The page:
Editor's Note

In an article for the Cleaver Magazine titled ‘The Poet’s ‘I’: Distance through First-Person’, Katie Rensch talks about how the poetic ‘I’ can simultaneously be intimate and distant. While reading Aimee Lowenstern’s poems, I was reminded of Rensch’s ideas on how the first-person in poetry can be employed to capture varying degrees of presence of the poet-speaker’s self.

Aimee Lowenstern’s poems employ ‘I’ as an almost invisible presence in the face of more powerful forces. For example, in ‘In this Room, A Forest’, the ‘I’ appears only once, to say I wouldn’t know. Similarly, the solo appearance of the self in ‘Museum of Ice’ is to stake a claim on the street: my street is a hallway. The ‘I’ is ever present and observant in Lowenstern’s poems but constantly evades the spotlight. In ‘Moments of Rest’, the speaker observes the dog, I see briefly, and then the focus shifts entirely on to the dog rather than staying with the speaker: but she does not move,/ so perfect is her pleasure.

How apt then that in ‘Transcendence’, the speaker meditates on the smallness of self in contrast to the vastness of nature, leaving us, the readers, also to ponder the question: it might lift me on its fingertips/ to see if there is any spark or sparkle/ in this. In me.

— Aswin Vijayan
The Bombay Literary Magazine

Moments of Rest

My dog lies perfectly still
on the floor, in the sun,
her eyes closed, as if dead.

She isn’t.
She will be.

She is the color of dough
half-baked, turning golden.
I touch her side, and she is
as warm as that. Her lashes
flicker, and I see briefly
the dark of her iris,
but she does not move,
so perfect is her pleasure.

I lie down beside her,
on the floor, in the sun.
It fills my vision,
the white-yellow of egg wash
catching the light.

Does that make sense?
The sun catching the light?
The sun catches itself,
and catches me, too.
I close my eyes, fall
perfectly still,
as if dead.

I’m not.
I will be.

In this Room, a Forest

In this room, a dozen people;
in this room, twenty-four hands.

In each hand, roots of brain
thrum, nerves electric, spanning
meat and bone, twining
up twenty-four arms
feeling twelve kinds of fabric,
itchy or soft
against the hard and skinsome
bend of an elbow. Twenty-four
shoulders may be aching,
I wouldn’t know,
but below each ear are conduits
for movement
and for blood.

See the throats, awash with air
inside and out, both holding up
and becoming the mouths,
which, like the eyes and nostrils,
are blooming with sensation,
delicate organs moved
to tears
by a speck of dust,
by a misplaced
.         eyelash.

I had Time to Write a Poem

earlier today, but instead I took a long
hot bath. My skin rhymed with softness,
my knees edited their enjambments,
my breasts smelled like grapefruits.
It was a kind of poem, in a fleeting
and personalized language,
but I’m too busy to translate it now.

I’ll try again tomorrow.


There’s a profound discomfort I feel
when faced with the obviously beautiful.
I can find glamor in the delicate legs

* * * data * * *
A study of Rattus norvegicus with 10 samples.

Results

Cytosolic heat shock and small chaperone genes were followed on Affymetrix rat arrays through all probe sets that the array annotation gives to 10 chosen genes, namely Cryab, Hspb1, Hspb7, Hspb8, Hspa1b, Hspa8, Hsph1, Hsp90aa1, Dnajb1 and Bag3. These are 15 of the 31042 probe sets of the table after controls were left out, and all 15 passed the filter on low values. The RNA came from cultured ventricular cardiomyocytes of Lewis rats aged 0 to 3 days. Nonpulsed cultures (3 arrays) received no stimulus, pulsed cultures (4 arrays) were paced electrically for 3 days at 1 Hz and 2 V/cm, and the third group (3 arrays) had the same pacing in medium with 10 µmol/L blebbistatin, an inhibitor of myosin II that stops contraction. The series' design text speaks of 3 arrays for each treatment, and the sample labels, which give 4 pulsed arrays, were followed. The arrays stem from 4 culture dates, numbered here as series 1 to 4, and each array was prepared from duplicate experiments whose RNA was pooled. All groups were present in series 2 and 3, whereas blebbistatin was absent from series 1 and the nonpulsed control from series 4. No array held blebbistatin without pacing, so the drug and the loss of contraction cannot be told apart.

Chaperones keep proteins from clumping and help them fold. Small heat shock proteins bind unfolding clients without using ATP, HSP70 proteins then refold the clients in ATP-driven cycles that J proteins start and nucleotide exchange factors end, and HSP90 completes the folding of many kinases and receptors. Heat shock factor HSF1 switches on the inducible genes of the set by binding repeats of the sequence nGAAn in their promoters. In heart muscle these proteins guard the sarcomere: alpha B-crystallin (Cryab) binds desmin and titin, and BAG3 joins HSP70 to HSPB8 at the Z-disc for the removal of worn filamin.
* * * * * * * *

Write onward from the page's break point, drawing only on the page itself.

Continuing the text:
of roaches, yes, glints in the lining
of discarded candy wrappers, laughing in
crinkled plastic-song—

I can pan for gold in the sewer
all day, place each treasure carefully
at the inset of my pupil, but
what am I to do with a forest,
a mountain, a waterbody

Every thread of it an angelsong
loud enough to burst my eardrums.
Every glance of it vast and proud enough
that it might lift me on its fingertips
to see if there is any spark or sparkle
in this. In me.

Museum of Ice

Coming out of the second or third
largest winter on record, it’s no surprise
that in April, my street is a hallway
between marble walls
carelessly constructed by plows.

Snow doesn’t melt evenly,
growing shorter the way
it grew tall: it is a jagged
lessening, and every day
a delicate white boulder
is sloughed to the uncarpeted floor.

Each mass carves itself
into an abstract ice sculpture,
using chisels of dappled sunlight
and its own surreptitious erosion.

Snow stones become effigies
of their saltier, foamier cousin.
They are more dynamic
and filigreed in their stillness
than in the blizzard
that tossed them here, a flurry
of quartzlike flecks.

Birds pass by
on their museum dates, chittering
about the meaning of art, or love,
or when the exhibit will change.


Image credits:

Courtesy Museum of Fine Arts, Boston. [source]
Gerrit Dou: Hond in ruste (Dog at rest), Date: 1650, oil on canvas.

Gerrit Dou (1613-1675)’s work is now classified as part of the Dutch golden age. This is the age of Rembrandt and Frans Hals, Jacob van Ruisdael, Jan Steen, and Gerard Ter Borch. It is the age of Hugo Grotius, John Locke, Rene Descartes, Christian Huygens, and Baruch de Spinoza. The seventeenth century belonged to the Dutch, and as their world hurtled inevitably towards modernism, Dutch artists (and the immigrant community that gathered around them) froze the universal moments of their time in oil and pigment and shadows and light. Like Aimee’s poems do, with words.


Aimee Lowenstern (author)

Aimee Lowenstern (she/her) is a twenty-five year old poet living in Nevada. She has cerebral palsy and a chihuahua. Her work can be found in several literary journals, including Fifth Wheel Press and Tower Magazine.